What do you do? You’re my age, so you are old. Since you’re old, you are at high risk for an adverse outcome from Covid-19. You also have loved ones and friends who are in the high-risk group as well. You want to see them. You need to see them but you’re afraid to see them for a multitude of reasons.
What do you do? Your mom lives alone in Florida. You’re old, she’s ancient! While she’s in good health now, life is always precarious when you’re in your nineties. You’re afraid to fly. Airports freak you. Planes are tin boxes stuffed with humans breathing your air. You’re afraid to drive as you’ll have to make it a multiday trip, stay in hotels and hope your car makes it. You’ll need to stop for gas, food and toileting; and you’re afraid you’ll get infected and then give the bug to your mom.
What do I do? I have two uncles living in Norfolk. Both are in their 90’s. They’re the last of a generation and it’s been too long since I’ve seen them. I’m faced with the same dilemma. While I can make the drive in one day, going on the road carries some risk. I’ve just returned from Hilton Head. I was impressed by how prepared the Marriott was; their staff was masked and sprayed disinfectant on everything (including me). However, while filling up my gas tank in South Carolina, an unmasked and coughing male pulled up next to me and started filling up his car. I was masked so I left the gas hose in my tank and sat in the car.
So, what do we do? We go about our lives, taking appropriate precautions where necessary. One of my favorite authors is Tom Clancy. His hero, Jack Ryan, finds himself in danger frequently. To stay alive, Jack is always on high alert, scanning his surroundings constantly and ready to respond. We need to take a lesson from Jack. Wear your mask, maintain social distances and be prepared to react. If you’re in the grocery store and you want something on aisle 6, wait till aisle 6 is vacant, then retrieve the product you want. If you’re on vacation and the pool is crowded, don’t go in.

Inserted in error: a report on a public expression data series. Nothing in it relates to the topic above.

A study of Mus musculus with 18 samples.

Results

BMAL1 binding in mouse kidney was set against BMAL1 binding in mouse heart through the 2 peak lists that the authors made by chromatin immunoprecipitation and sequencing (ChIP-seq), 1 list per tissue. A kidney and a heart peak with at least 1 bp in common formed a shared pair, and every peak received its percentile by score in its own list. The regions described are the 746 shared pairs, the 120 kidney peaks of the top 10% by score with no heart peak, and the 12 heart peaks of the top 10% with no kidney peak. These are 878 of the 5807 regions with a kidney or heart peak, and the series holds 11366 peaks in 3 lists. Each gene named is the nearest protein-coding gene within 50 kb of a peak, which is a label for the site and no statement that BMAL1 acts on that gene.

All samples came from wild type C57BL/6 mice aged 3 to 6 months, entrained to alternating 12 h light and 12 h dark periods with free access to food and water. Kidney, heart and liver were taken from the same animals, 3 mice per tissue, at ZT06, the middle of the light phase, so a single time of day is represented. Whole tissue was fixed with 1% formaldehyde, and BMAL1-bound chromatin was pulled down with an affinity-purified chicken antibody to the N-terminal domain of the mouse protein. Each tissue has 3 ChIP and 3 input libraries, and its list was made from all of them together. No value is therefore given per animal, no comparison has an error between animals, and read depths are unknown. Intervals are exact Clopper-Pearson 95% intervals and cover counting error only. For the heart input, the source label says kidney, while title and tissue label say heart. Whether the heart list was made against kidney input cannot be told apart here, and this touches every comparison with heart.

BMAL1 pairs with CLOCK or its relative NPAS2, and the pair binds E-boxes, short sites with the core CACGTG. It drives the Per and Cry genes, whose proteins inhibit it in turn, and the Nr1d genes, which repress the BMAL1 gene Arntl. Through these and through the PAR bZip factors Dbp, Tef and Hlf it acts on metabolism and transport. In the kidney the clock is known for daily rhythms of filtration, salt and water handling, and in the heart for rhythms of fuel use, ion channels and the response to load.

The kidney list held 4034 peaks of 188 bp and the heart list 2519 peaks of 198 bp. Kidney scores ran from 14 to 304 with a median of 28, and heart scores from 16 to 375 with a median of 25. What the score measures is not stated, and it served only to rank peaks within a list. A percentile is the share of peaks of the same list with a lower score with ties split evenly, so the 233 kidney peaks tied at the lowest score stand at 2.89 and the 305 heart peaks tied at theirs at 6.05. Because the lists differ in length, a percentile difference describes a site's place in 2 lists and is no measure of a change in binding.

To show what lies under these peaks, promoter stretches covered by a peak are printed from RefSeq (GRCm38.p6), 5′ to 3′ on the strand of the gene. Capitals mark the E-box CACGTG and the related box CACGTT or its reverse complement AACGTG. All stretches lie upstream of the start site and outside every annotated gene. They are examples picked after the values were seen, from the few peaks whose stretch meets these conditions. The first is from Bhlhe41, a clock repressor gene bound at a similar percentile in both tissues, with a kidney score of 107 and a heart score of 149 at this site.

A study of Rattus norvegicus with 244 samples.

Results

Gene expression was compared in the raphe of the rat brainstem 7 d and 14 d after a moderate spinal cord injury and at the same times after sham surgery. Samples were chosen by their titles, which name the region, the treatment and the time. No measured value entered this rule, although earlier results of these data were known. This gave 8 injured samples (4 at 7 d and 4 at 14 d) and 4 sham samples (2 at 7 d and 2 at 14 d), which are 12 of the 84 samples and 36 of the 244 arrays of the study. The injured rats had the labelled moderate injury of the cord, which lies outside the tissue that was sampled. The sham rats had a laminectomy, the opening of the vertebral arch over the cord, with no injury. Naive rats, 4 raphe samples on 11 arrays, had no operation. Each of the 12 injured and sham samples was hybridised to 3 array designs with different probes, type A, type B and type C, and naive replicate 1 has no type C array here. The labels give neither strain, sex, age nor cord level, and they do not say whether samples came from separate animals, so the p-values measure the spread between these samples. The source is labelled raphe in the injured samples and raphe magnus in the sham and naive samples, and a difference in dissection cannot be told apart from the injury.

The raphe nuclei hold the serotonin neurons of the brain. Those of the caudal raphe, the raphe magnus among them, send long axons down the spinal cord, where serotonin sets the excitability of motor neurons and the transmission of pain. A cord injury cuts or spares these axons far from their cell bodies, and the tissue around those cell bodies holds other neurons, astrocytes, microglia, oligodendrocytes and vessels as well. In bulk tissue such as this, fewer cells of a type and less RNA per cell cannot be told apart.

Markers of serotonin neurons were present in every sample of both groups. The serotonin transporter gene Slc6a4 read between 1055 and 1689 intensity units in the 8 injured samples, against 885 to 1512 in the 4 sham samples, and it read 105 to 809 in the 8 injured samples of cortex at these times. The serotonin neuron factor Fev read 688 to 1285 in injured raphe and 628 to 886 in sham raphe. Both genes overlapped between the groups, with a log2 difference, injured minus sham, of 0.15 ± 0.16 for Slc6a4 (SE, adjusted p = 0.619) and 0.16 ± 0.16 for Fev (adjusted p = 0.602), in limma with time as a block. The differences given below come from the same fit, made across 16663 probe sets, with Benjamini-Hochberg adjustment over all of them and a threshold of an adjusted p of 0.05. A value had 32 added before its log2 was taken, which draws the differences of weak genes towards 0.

What else can we do? Certainly, washing your hands frequently is a good idea. If you’re religious, say a prayer for you and your loved ones. If you’re anxious, recognize that anxiety is your body’s burglar alarm. Pay attention to your surroundings and be prepared. If you are exposed to the virus, isolate yourself for 14 days.
Things are really screwed up and it’s up to us to unscrew them. Be careful that social distancing does not become social isolation and you will be well on your way to normalizing your life.
Here’s your music and a joke.
A couple of women were playing golf one sunny Saturday morning. The first of the twosome teed off and watched in horror as her ball headed directly toward a foursome of men playing the next hole. Indeed, the ball hit one of the men, and he immediately clasped his hands together at his crotch, fell to the ground and proceeded to roll around in evident agony.
The woman rushed down to the man and immediately began to apologize. She said, “Please allow me to help. I’m a physical therapist and I know I could relieve your pain if you’d allow.”
“Ummph, oooh, nnooo, I’ll be all right…I’ll be fine in a few minutes,” he replied breathlessly as he remained in the fetal position still clasping his hands together at his crotch.
But she persisted, and he finally allowed her to help him. She gently took his hands away and laid them to the side, she loosened his pants, and she put her hands inside. She began to massage him. She then asked him, “How does that feel?”
To which he replied, “It feels great, but my thumb still hurts like hell.”